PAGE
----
How Necessary is a National Match Trigger for the AR15?


November 3, 2010, 06:08 PM
Do I need to spend the extra $80 for a NM trigger if I want to shoot decent scores in Service Rifle? Just how lousy is the stock trigger that it needs to be replaced?

Does anyone shoot high scores with a stock trigger?

November 3, 2010, 06:10 PM
It is not at all necessary, but it makes life much much easier.

Justin
November 3, 2010, 06:12 PM
If you intend to shoot Service Rifle, a National Match two-stage trigger is pretty much a requirement.

macheteman
November 3, 2010, 06:14 PM
If you intend to shoot Service Rifle, a National Match two-stage trigger is pretty much a requirement.
Darn.

Robert
November 3, 2010, 06:19 PM
They are truly worth every bit of the $80.

Z-Michigan
November 3, 2010, 06:24 PM
$80 extra isn't much for a "national match" level trigger. What specific one are you looking at?

Standard AR-15 triggers on the USGI pattern range from mediocre to terrible. Some are basically OK, with only moderate creep and a little bit of grit in the break. Others have terrible creep and the break feels like snapping a green twig. The ones from higher quality companies are often better, but a lot of it seems to be random with no guarantees.

On the other hand, any one of perhaps 10 different designs of aftermarket (non-GI) triggers for the AR provide a much better trigger pull, consistently.

browningguy
November 3, 2010, 07:04 PM
A standard AR trigger is long, heavy and gritty. Get the RRA national match trigger and don't look back. I don't know of anyone shooting a standard service grade AR trigger at a high level competitively.

Justin
November 4, 2010, 02:34 AM
If you get serious about shooting Service Rifle, the $80-$120ish you spend on a two stage national match trigger will be outstripped by the money you spend on perishable things like ammunition, match fees, and gas for going to the match within a season or two.

If you stick with the sport for any length of time, the eventual cost of the sport will make the cost of a good rifle look like peanuts.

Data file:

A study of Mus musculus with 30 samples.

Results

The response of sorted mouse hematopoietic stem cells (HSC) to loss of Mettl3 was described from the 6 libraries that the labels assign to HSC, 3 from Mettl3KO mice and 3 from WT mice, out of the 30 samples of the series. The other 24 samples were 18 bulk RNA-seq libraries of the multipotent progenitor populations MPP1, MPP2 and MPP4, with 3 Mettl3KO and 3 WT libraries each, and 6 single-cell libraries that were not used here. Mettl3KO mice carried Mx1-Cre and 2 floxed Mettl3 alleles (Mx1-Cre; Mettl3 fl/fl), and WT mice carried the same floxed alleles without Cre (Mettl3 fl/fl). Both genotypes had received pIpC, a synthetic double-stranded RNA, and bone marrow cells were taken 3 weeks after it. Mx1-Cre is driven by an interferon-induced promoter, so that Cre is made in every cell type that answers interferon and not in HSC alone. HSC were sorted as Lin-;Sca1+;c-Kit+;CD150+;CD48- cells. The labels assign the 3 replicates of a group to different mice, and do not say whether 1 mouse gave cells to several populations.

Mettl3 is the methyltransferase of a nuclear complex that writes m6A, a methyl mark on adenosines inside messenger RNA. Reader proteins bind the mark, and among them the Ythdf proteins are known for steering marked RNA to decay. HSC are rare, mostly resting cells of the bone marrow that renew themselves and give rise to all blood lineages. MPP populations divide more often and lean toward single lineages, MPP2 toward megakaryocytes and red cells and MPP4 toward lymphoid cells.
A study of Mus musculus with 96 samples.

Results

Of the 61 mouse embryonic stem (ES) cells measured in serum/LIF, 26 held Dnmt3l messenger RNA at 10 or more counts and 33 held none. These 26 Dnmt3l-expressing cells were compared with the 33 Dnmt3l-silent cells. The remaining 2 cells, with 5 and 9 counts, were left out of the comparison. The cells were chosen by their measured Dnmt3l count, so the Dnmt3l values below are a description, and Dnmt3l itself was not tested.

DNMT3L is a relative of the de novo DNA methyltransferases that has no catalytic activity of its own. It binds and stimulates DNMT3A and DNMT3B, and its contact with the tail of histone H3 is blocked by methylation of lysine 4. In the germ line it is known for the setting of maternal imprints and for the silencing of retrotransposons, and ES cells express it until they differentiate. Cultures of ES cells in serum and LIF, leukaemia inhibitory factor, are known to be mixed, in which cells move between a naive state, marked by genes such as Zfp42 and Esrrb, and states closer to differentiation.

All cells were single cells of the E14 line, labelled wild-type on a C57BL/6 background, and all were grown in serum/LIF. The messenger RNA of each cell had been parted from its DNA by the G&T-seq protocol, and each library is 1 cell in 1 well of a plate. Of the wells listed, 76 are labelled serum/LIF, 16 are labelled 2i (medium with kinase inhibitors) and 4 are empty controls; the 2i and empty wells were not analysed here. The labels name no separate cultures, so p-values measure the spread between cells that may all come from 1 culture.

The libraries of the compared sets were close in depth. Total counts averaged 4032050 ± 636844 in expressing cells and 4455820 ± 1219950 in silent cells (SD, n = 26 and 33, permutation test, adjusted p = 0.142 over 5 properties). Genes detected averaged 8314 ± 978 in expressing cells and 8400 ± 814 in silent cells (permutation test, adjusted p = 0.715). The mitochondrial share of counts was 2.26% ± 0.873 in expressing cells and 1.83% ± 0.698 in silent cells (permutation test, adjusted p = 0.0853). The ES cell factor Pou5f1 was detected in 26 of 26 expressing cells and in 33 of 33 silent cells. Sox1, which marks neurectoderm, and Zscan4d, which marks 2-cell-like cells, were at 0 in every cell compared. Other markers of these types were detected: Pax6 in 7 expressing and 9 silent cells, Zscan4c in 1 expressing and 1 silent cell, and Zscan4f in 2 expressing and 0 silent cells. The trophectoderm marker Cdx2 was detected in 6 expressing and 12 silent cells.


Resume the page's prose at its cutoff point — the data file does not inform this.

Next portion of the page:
This isn't to dissuade you from shooting Service Rifle (or any other form of competition for that matter). Organized shooting sports are within the reach of even people with fairly modest incomes, and I strongly believe that every gun owner should compete at least semi-regularly as a way to test their skills outside of the comfort zone of an idle range day.

However, in the long run, the cost of buying the best gear you can afford right off the bat will eventually seem pretty cheap. Definitely buy the best gear you can afford, even if it means saving up for a little while longer.

rskent
November 4, 2010, 06:42 AM
A good trigger is a lot like a shooting coat. Not at all a necessity, but it sure is nice. Its cheap points. The amount of trigger time you have to put in to shoot well with a bad trigger will cost you more in bullets and powder than the cost of the trigger. But the challenge of shooting with a standard trigger might be fun too. So strap in and snap in, dry fire a few thousand rounds and see what happens. When you can drop the hammer and not see the front sight move (at all) your gold.
Steve

wanderinwalker
November 4, 2010, 07:43 AM
It may be because I have put so much time in on the two-stage trigger, but I honestly feel it is a real benefit to shoot position with a two-stage trigger. Something about the way you don't have to take a standing run on the trigger to break the shot. To me, it just feels easier.

You could go with a standard single-stage AR trigger if you want, but as mentioned, you're better off going with good equipment in the first place. Spend once, cry once and then shoot it. By the time you've skun a couple of barrels, traveled to a few big regional matches, put in trigger time in practice and used and worn a bunch of other gear, the price of a good match trigger means nothing.